I Killed The Tooth Fairy

By | November 1, 2013

ExchangeThat’s right. I did. It happened yesterday.  I have no remorse and at the risk of sounding cold and heartless, which I am not, I must say that it feels liberating.

I did not have a good relationship with her, you see. If I had to define our relationship I would say it was a case of forced labor. I had to become a tooth fairy and not by volition but because everyone did it. I was ushered into it even though I had no desire to perpetuate a concept I did not agree with.

The reasons I did not agree are as follows:

  1. The price per tooth varies with the household, which is puzzling for little people and downright annoying for big people who believe in fairness (it is almost ironic that the root of fairy and fairness is, well, fair, and the work of the said entity is anything but)
  2. If you, the designated fairy, happen to forget to operate before you go to bed, and on top of it happen to sleep in and hence do not manage to replace the fallen teeth with money by the time the child wakes up, well, you’ve got some explaining to do or you have to do the kind of sneaking you haven’t done since the days of high school…It is not pretty, or comfortable.
  3. A big one: why would a child get money for a tooth that falls out? There is no work involved, not the child’s anyway, and if anything, children may be driven face to face with a chilling concept (I will leave it to you to name it due to its potentially offensive nature.) I may be wrong, but somewhere out there a child must have wondered at some point “If my baby tooth is worth X dollars, then what is —- (fill in with random body part) worth?” Just sayin’…
  4. According to children, the tooth fairy does the following: she walks through the house in the middle of the night, reaches under the child’s pillow, takes the tooth (care to know what her house looks like?) and replaces it with money. Creepy by most people’s standards, you’d agree. After having our home broken into just a couple of weeks ago, the concept of strangers walking through the house is challenging. My boys are perceptive enough to ask point blank: How does she get in, mom? Then what? Asking the questions was only a matter of time.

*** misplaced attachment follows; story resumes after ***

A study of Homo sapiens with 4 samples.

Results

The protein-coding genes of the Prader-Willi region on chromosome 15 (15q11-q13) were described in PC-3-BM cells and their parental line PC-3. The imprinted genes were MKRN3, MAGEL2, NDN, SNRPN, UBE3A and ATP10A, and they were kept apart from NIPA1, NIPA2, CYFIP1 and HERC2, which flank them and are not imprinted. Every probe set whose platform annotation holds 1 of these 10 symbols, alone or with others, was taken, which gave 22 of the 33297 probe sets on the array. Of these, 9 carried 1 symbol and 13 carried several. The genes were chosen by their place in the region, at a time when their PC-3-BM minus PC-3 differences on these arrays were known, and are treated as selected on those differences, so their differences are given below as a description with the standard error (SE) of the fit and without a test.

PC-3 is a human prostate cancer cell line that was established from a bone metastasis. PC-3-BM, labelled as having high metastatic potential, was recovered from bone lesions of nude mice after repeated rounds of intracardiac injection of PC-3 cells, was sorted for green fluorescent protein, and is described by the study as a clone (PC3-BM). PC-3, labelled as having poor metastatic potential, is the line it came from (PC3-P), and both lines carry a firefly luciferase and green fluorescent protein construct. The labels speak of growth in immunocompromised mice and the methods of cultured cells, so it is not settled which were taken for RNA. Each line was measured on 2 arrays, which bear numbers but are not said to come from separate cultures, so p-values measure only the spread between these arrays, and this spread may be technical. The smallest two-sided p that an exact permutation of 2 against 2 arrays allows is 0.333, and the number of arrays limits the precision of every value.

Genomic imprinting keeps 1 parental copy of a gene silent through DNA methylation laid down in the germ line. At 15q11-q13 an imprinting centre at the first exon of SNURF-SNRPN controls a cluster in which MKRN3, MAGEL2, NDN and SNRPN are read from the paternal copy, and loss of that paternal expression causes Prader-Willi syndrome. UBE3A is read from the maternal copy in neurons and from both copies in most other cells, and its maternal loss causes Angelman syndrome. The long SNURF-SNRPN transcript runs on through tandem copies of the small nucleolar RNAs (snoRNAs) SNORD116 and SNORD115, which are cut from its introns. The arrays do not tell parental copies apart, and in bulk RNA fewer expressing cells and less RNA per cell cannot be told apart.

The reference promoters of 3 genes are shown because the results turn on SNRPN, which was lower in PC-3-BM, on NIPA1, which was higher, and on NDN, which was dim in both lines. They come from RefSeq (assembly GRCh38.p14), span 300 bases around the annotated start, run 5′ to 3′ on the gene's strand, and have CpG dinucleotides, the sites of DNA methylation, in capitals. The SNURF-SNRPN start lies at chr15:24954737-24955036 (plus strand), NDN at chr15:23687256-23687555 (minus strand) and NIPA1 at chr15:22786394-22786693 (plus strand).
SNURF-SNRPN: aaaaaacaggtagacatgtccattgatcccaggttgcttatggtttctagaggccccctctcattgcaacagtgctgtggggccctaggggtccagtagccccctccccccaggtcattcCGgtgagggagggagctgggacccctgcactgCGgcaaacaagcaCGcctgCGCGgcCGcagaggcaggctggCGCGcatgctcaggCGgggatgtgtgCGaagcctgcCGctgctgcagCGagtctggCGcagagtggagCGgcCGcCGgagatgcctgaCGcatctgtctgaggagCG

So you see, for all the above reasons and more, I had to kill her.

The straw that broke the camel’s back (or the fairy’s spell in this case) was Sasha’s “fresh-from-school” question.

“Mom, is it true that the tooth fairy does not give money if the tooth has been pulled out by the dentist?”

That was it. I had no decent answer to it and the cheekiness of an imaginary creature can only go so far. It was me or her.

One had to go and it wasn’t going to be me. Without an ounce of hesitation I blurted out “There is something I have to tell you.”

Pitter-patter, wait for me hurried steps brought a wide-eyed Tony from the bedroom to the living room, which was now becoming the sacrificial tooth fairy arena. With a gaze that meant “I knew it” he gave me his vote of confidence in handling the situation. Talk about feeling like a grownup. Occasionally I act like one too.

“There is no tooth fairy, my love.”

Sasha’s eyes, wide and trustful, built a question mark right there and I could see it trying to stand on wobbly feet and I knew it did not mean “Really?” but rather “Now what?”

So he asked. “Then who is the tooth fairy? You?”

I nodded. Yep. Was he disappointed? Yes, no? A few seconds of no words and deep long gazes waded like fat ducks towards a lake that was to cover the pit of newly disclosed life truths. Not murky, but clear water. You see the bottom if you care to look. Kids do, because they appreciate the full depth of such truth. Mine do.

“I knew it!”

“I knew it too!” Tony peeped in.

Smiles. No disappointment. My explanation: I thought she was unfair. Some kids get paid five or ten dollars per tooth, others don’t have that much worth of food over the course of a day, or week. Here in Kamloops, and everywhere.

Bottom line: I couldn’t stand her ways. She had to go.

A few good pounds lighter, my whole being has been celebrating the event since it happened yesterday.

And if there’s a shadow of unpleasantness associated with this whole story, because there is one, it is this: I almost had my hands on Santa too, but I let him get away.

“Are you Santa too?”

Pause. “No.”

OK, don’t ask. And please don’t say “Oh, but you had it, right there!” It’s true, I did. But I am weak. Or just more attached to him than I was to the tooth fairy; sentimental value is hard to argue with. I need to think and assess. It’s not an easy job. Being a parent, I mean.

Thoughts to share? Please don’t be shy. I just showed you mine.

Disclaimer: I did not ask for the portrait. It was Sasha’s gift. And his way of making peace with it all.